Success is inherently hard to measure. After all, what is success? Many of us know that measuring progress is key to staying motivated and determining if we’re on target to achieve our end goal. If your mission is to be successful, how do you measure whether you’ve succeeded? There’s no simple answer.
But it helps if we break down the process into a few steps.
#1. Define success. What does success mean to you? Is it getting a certain number of hours with your children every day? Is it spending time every week on a hobby you love? Is it impacting a specific number of lives? We want to take success and break it down into something that we can measure – the number of clients originated, volunteer hours we’ve put in, or pounds we’ve shed. We want to measure what we’re going toward.
#2. Set goals. If you read about goals, most experts tell you first to establish what you want to achieve and then give yourself a period to attain your goal. By setting a timeline, you know you’ve succeeded if you achieve your goal in the time you gave yourself.
How do we achieve our goals?
I designed a model I call The Three Laws of Empowerment, www.yourbusinessspeaker.com. At its heart are three directives.
First, we want to prepare ourselves for success and envision our greatness. Steps #1 and #2 above set you on the path. Then we need a plan. Build a plan that is realistic and effective. Ask others whose experience and opinion you respect to vet the plan. We’ve talked in other blogs about making plans that work. We want to make sure we are prepared to reach our goals, no matter what happens.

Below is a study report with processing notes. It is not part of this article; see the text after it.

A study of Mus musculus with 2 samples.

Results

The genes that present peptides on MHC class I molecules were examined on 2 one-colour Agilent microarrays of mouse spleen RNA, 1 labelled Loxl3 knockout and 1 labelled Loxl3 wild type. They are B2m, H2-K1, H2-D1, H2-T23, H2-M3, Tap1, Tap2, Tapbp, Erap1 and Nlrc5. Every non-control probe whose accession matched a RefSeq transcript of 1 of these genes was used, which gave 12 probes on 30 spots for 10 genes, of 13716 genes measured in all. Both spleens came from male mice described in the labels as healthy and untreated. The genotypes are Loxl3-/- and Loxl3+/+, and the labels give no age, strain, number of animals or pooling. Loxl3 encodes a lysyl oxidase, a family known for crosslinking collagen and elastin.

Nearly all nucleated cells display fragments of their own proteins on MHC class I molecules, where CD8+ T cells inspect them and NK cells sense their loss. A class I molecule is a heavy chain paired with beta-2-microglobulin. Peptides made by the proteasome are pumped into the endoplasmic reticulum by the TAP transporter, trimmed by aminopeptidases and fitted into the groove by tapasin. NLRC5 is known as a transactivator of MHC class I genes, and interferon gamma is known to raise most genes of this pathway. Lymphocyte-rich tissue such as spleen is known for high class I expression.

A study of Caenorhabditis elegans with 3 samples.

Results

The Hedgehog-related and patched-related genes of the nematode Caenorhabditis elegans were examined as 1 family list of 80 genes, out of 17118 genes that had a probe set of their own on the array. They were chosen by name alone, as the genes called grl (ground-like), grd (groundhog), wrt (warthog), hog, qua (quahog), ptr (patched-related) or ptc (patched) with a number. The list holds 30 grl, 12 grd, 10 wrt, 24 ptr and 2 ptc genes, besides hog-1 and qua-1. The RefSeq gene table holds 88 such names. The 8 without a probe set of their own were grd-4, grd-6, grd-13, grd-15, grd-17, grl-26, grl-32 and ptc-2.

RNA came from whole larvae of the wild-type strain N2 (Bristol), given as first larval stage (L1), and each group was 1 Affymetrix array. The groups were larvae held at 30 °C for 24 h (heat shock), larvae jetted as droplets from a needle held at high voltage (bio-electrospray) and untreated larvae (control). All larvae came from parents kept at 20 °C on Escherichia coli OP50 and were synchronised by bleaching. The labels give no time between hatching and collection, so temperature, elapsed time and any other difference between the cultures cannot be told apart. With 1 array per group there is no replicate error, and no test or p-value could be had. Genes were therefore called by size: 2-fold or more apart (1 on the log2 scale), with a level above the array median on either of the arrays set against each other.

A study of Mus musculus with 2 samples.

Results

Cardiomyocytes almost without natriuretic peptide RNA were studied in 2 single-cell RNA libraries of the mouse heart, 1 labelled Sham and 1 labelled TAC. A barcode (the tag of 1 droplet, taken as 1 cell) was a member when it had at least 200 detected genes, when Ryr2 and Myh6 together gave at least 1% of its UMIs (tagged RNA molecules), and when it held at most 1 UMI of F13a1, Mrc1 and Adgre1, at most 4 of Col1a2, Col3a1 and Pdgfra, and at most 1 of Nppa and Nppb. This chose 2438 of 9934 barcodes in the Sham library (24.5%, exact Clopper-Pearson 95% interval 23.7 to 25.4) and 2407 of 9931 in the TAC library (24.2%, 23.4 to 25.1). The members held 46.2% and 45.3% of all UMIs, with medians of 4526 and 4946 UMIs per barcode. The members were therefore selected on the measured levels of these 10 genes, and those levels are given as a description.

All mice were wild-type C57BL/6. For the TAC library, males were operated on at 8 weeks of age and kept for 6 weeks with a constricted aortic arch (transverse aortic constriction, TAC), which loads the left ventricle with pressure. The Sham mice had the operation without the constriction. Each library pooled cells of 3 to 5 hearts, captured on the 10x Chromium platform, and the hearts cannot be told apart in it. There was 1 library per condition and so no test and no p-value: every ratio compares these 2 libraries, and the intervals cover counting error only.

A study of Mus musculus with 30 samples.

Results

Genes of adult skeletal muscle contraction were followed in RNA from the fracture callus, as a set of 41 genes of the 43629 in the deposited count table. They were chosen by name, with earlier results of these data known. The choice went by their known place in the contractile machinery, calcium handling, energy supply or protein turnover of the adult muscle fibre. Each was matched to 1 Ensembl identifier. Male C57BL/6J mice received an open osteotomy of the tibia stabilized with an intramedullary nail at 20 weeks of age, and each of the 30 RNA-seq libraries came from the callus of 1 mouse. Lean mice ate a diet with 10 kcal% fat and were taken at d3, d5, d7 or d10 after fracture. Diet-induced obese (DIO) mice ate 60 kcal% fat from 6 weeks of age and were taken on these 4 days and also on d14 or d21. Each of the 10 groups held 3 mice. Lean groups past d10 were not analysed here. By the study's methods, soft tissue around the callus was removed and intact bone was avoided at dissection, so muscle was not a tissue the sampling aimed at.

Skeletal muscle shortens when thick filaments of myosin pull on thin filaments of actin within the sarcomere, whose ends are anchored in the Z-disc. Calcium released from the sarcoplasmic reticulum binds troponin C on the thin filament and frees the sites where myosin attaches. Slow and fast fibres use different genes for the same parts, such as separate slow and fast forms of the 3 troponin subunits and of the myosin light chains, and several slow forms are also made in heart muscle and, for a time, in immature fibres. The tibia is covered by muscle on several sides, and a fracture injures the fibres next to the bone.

Prepare. Plan. Protect. That will get us where we want to go. If we achieve our goals, then we see ourselves as successful, and others will see it too. But the entire process starts with a measurement, by linking success to some objective outcome. See it. Feel it. Touch it.
Are you on your way to whatever your success is?
This is difficult because you need to stop and reflect on what’s important in your life. What do you value? What is worth your resources? After all, I believe it’s key is to know where to put your time, effort and energy to make sure you achieve your success, no matter how you define it.
What’s your experience with success? Have you struggled with it? Have you been able to make breakthroughs? Let us know in the comments below. We’d love to hear about how you define success, and what you’ve done to keep yourself on the path to it.
About the Author
R. Shawn McBride is the Chief Innovation Officer at McBride For Business, LLC. His signature keynote, The 3 Laws of Empowerment (www.rshawnmcbridelive.com/3laws), gives audiences an entertaining look at how they can prepare, plan and protect themselves. You can reach R. Shawn McBride at firstname.lastname@example.org or (214) 418-0258.